Popular cryptocurrency exchange platform, Luno, today announced that they have formally registered with Bank Negara as a reporting institution as required by the policy document: Anti- Money Laundering and Counter Financing of Terrorism (AML/CFT) – Digital Currencies (Sector 6) which was issued earlier last February.
The policy document sets out the minimum requirements and standards that a reporting institution must observe — to increase the transparency of activities relating to digital currencies and ensure effective and robust AML/CFT control measures are put in place.
It is important to note that while Luno is registered as an reporting entity, cryptocurrency exchanges are neither licensed nor authorised by the central bank, which means should there be any disputes or losses incurred there will be no established avenue for redress. Being a reporting entity just means that Luno has reporting obligations in respect to preventing money laundering and terrorism financing. Bank Negara has previously also warned consumers to conduct their own due dilligence when dealing with cryptocurrencies
“We view any steps toward regulation of digital currencies as a very positive sign,” said Vijay Ayyar, Head of Countries for Luno. “We will continue engaging with various government agencies to ensure that the industry is well understood and that risks are mitigated. We have been working closely with BNM over the past year and similarly with many other regulators globally”.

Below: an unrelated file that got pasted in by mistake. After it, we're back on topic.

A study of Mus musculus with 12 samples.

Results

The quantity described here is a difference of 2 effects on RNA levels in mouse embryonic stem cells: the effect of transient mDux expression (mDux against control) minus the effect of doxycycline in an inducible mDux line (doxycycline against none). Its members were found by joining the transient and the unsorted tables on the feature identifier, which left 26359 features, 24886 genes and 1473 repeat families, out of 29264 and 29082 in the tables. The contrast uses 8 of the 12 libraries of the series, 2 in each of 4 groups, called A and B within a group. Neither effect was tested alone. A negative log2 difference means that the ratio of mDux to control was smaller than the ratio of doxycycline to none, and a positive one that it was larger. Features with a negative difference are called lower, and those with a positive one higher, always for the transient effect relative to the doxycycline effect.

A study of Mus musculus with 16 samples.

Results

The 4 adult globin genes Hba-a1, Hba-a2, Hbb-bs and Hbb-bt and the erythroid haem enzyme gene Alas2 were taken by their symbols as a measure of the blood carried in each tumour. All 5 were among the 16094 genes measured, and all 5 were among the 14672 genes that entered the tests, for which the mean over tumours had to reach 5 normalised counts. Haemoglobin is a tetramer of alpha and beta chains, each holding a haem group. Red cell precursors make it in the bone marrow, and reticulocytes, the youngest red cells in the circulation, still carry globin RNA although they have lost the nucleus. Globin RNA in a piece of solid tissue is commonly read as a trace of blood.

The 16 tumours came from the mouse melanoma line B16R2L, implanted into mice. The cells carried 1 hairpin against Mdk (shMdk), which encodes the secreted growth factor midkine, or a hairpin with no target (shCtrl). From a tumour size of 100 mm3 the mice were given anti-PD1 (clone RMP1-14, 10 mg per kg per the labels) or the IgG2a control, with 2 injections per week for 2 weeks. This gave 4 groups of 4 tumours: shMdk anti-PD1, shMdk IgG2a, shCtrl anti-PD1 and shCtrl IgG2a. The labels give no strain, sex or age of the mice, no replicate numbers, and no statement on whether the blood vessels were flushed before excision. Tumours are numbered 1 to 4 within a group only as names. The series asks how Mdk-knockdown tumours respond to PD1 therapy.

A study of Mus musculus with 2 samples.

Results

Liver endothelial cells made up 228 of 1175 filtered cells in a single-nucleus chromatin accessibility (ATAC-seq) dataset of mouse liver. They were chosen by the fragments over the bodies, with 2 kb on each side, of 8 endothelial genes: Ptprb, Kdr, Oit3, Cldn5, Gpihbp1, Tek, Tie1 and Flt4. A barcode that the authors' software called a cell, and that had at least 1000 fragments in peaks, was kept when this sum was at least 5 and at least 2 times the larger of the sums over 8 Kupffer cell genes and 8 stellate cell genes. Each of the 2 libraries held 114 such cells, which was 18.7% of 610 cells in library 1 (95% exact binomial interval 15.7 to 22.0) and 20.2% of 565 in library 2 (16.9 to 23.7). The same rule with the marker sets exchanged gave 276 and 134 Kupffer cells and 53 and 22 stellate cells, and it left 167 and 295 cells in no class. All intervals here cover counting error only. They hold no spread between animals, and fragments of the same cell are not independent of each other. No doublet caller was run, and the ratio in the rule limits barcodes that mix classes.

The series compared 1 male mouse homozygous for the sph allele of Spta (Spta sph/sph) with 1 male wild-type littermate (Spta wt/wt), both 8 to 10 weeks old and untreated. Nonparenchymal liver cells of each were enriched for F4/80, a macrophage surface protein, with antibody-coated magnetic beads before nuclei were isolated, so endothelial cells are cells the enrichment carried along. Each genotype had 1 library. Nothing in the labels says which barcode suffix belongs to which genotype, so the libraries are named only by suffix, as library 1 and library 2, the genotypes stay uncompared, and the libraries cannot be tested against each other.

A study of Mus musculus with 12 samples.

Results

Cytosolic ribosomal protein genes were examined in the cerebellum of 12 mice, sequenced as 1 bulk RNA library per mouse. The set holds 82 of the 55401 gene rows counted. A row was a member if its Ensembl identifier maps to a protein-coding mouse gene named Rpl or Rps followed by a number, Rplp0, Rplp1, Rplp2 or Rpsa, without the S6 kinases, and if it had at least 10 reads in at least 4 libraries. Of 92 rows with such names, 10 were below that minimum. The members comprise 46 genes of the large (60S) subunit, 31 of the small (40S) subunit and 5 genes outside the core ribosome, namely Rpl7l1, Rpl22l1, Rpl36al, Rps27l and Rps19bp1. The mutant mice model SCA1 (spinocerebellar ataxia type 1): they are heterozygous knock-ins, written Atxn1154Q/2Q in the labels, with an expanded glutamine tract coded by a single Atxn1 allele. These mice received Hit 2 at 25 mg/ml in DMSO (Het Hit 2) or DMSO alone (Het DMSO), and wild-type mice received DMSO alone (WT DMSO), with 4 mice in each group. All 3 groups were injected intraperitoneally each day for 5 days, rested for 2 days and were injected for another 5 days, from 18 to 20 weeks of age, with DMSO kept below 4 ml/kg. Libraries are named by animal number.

Meanwhile, Luno has also begun processing pending withdrawals in Malaysia since 29th March 2018. They had previously been unable to process withdrawals and deposits due to a temporary freeze on their Maybank bank account. Currently, pending withdrawals are being processed in batches, while Luno continues to work on a long-term solution to process both Ringgit withdrawals
and deposits in Malaysia.
“Enabling Malaysian customers to have access to their funds is our main priority,” said David Low, Country Manager for Luno Malaysia.
“We are also testing other solutions for processing both deposits and withdrawals, which will allow us to resume full services in Malaysia. Malaysia, and more broadly Southeast Asia, is critical to our mission to bring digital currencies to everyone, everywhere.”